Brad Garrett stalks the small stage, sweating in a shiny tan suit. His bleary eyes focus on the couple below him. The groom, a young comic rocketing to sitcom fame. The bride, a former Penthouse Pet.
“Ron and I have a lot of history,” he says. “It’s funny because I know they’re going to be married, but in my humble opinion, I think Ronnie has the sweeter set of titties. Now Trudy, by the way, is doing something today she’s never done before: She’ll be cutting the cake from the outside.”
The audience howls. Garrett shakes his head, momentarily lost in thought. The room quiets. He finally looks up and raises a glass.
“Ron and Trudy, you mean so much to me. I just want to say … they say health is the most important thing. But I’ll be honest, I was a healthy asshole for many years in many marriages. So I wish you kindness to each other. To the happy couple! To kindness!”
“Cut!” the director calls. Garrett steps off the stage amid applause. A makeup artist pats down his forehead. The camera resets. Garrett takes a swig of water and prepares to repeat his roast all over again.
The Culver City, California, soundstages housing Showtime’s I’m Dying Up Here feature sets decked out in ’70s decor. There’s a recreated Canter’s Deli, a few schlubby houses, a hotel suite done up in palm-frond wallpaper, and, currently, an entire smoky comedy club.
A fictionalized incarnation of William Knoedelseder’s 2009 book of the same name, Dying follows the starry-eyed journeys of comedians starting out at Sunset Strip institution the Comedy Store—or rather, in Showtime’s version, a venue named Goldie’s.
Real-life performers Al Madrigal, Erik Griffin, Jon Daly, Andrew Santino and Dom Irrera play comics themselves; others like Dana Gould, Andy Kindler and Rick Overton portray industry members. Jim Carrey executive produces.
In May 6’s Season 2 premiere, Garrett’s Roy Martin arrives in LA from Las Vegas. An older comic who influenced the newer generation, Martin hopes a Tonight Show Starring Johnny Carson appearance will reignite his career.
“He’s got a lot of demons that he never really got under control,” Garrett says. “He’s very conflicted, addictive, very cutthroat, very insecure, and he finds himself navigating the club comedy scene, which is just littered with up-and-comers. He’s had his day, but I think deep down he knows his days are fairly behind him.”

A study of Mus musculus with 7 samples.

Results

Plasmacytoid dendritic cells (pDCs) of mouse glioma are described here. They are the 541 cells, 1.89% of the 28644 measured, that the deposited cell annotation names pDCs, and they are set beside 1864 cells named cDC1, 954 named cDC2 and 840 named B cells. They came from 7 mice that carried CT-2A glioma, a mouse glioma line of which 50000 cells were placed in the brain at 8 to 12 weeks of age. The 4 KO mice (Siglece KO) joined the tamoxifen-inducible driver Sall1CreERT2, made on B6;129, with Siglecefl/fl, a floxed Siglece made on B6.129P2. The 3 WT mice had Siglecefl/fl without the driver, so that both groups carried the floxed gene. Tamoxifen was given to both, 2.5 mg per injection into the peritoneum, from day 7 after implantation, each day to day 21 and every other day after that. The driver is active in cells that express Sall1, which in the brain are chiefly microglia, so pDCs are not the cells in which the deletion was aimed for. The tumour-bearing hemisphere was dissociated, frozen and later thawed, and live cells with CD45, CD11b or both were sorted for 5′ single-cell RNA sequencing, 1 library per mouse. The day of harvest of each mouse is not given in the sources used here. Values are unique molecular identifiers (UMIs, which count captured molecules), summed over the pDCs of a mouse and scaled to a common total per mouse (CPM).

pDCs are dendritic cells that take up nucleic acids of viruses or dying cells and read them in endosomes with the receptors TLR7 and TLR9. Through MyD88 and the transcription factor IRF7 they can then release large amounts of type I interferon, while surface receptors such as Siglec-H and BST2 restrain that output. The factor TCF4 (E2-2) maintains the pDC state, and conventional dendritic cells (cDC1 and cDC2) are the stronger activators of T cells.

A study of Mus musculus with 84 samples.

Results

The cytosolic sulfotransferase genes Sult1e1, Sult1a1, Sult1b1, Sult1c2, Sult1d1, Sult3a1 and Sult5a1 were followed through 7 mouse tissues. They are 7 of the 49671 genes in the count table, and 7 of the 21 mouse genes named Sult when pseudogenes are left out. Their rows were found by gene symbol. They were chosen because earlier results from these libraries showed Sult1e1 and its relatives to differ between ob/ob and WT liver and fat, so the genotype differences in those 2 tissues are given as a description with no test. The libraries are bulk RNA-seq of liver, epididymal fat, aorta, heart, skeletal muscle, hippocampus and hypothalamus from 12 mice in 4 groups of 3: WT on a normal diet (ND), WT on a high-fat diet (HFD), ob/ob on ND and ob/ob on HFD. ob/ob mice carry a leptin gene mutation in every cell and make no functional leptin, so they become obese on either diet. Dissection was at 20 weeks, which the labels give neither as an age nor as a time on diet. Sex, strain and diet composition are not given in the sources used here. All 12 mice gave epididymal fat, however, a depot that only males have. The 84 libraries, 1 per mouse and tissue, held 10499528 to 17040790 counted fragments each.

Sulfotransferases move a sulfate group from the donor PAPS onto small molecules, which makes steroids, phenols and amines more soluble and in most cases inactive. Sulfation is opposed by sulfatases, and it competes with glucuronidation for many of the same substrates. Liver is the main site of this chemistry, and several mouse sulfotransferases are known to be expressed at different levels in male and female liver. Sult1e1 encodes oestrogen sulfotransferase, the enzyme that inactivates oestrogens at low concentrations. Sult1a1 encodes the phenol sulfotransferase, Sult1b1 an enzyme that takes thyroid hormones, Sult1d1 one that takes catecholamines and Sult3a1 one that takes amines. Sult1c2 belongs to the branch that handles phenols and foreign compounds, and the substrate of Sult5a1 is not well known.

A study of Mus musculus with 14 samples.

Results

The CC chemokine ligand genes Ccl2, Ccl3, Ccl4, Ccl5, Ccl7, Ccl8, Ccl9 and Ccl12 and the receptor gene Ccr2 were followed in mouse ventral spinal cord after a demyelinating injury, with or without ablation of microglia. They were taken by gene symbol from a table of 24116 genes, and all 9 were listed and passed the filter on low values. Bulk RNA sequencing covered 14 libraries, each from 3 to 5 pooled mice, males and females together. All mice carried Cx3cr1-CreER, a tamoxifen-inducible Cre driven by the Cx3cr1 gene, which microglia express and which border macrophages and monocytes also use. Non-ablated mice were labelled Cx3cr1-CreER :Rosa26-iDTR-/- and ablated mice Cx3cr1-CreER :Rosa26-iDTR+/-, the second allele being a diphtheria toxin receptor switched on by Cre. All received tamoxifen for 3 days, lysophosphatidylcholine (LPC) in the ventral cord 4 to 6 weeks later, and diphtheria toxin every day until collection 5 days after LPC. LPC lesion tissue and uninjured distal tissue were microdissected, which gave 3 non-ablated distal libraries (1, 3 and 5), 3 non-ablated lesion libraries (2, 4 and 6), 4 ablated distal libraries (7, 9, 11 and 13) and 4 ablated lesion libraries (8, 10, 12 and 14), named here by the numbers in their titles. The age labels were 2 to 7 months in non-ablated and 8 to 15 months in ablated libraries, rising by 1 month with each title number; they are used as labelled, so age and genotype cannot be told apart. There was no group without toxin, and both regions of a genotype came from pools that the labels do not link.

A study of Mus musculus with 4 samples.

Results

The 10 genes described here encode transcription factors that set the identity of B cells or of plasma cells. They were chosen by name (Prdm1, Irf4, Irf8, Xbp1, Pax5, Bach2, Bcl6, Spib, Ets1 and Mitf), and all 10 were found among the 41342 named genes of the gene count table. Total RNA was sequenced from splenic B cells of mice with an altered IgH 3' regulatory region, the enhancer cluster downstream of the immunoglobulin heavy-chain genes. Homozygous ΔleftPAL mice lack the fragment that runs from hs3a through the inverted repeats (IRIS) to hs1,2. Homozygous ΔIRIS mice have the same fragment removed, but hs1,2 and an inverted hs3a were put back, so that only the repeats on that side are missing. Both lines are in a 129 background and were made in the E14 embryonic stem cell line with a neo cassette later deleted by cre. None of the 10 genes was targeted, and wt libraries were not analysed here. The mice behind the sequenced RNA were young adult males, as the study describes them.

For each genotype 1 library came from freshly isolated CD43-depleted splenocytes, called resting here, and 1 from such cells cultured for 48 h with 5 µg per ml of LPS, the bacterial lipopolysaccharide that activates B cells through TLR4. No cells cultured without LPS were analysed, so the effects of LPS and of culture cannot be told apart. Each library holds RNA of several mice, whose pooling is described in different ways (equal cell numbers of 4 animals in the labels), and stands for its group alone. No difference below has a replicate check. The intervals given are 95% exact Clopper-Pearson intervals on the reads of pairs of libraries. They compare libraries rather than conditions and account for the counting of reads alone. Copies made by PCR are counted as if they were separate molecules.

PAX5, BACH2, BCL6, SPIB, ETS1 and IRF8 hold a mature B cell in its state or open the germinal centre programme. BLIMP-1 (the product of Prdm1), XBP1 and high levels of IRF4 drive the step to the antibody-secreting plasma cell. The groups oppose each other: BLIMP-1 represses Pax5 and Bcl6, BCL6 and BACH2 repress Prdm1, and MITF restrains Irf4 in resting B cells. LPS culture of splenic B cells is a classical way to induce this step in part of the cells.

Execs David Flebotte and Michael Aguilar created Martin specifically with Garrett in mind. “It was just an actor’s dream to be able to play this type of person,” he says. “Especially something so dark and dramatic, which I love to be able to do. And it doesn’t come around often.”
Garrett clearly isn’t portraying a version of himself, but he knows the terrain. After starting his career at Pasadena’s Ice House Comedy Club, Garrett won Star Search, performed on Carson and began playing Vegas in his early 20s. His first Strip stint, opening for singer Crystal Gale in 1986 at the Desert Inn, was eventually followed by bills that included headliners Frank Sinatra, Sammy Davis Jr., The Righteous Brothers and The Beach Boys.
The three-time Emmy winner might be best known for playing second banana on CBS juggernaut Everybody Loves Raymond and starring on Fox’s ’Til Death. But Garrett always prioritized time for projects like a Jackie Gleason biopic, performing alongside Nathan Lane and Matthew Broderick in a Broadway revival of Neil Simon’s The Odd Couple and roasting fellow comics like Joan Rivers and Cheech & Chong.
He opened Brad Garrett’s Comedy Club at the Tropicana in the summer of 2010, moving to the MGM Grand in 2012. The longtime poker enthusiast has competed in Celebrity Poker Showdown and World Series of Poker, and hosted numerous tournaments benefitting the Maximum Hope Foundation.
Dying, he says, accurately reflects the period represented. “This is an era that a lot of great stand-ups today didn’t know. But as far as the nightclub and the comedic scene and the competition and the vendettas and the anger and the f*cked-up people that inhabit a lot of comics …,” Garrett pauses. “I think we’re really flawed. We’re wounded. We have to be, I think, to a certain degree to get up there and say, ‘Love me or hate me, just pay attention to me!’ So there’s a real accuracy that they’re portraying in these characters.”
These days the comedy-club business is less cut-throat. Garrett says opening his own venue fulfilled a lifelong dream. “It’s different now than when I was there in the ’80s, but it’s still Vegas,” he explains. “It sounds corny or cliché, but on the road you can play so many sh*t clubs. I always said if I really make it, I want to have a great club where we can really take care of our comics, put them in great rooms, feed them great food and really let them have that Vegas experience, as opposed to just being part of the circus.”
A cast table read is starting up one soundstage over. Garrett hopes Roy Martin can regain the joy that performing once provided. “I’m the oldest guy on the set nowadays,” he laughs, “but I’m still having a good time.”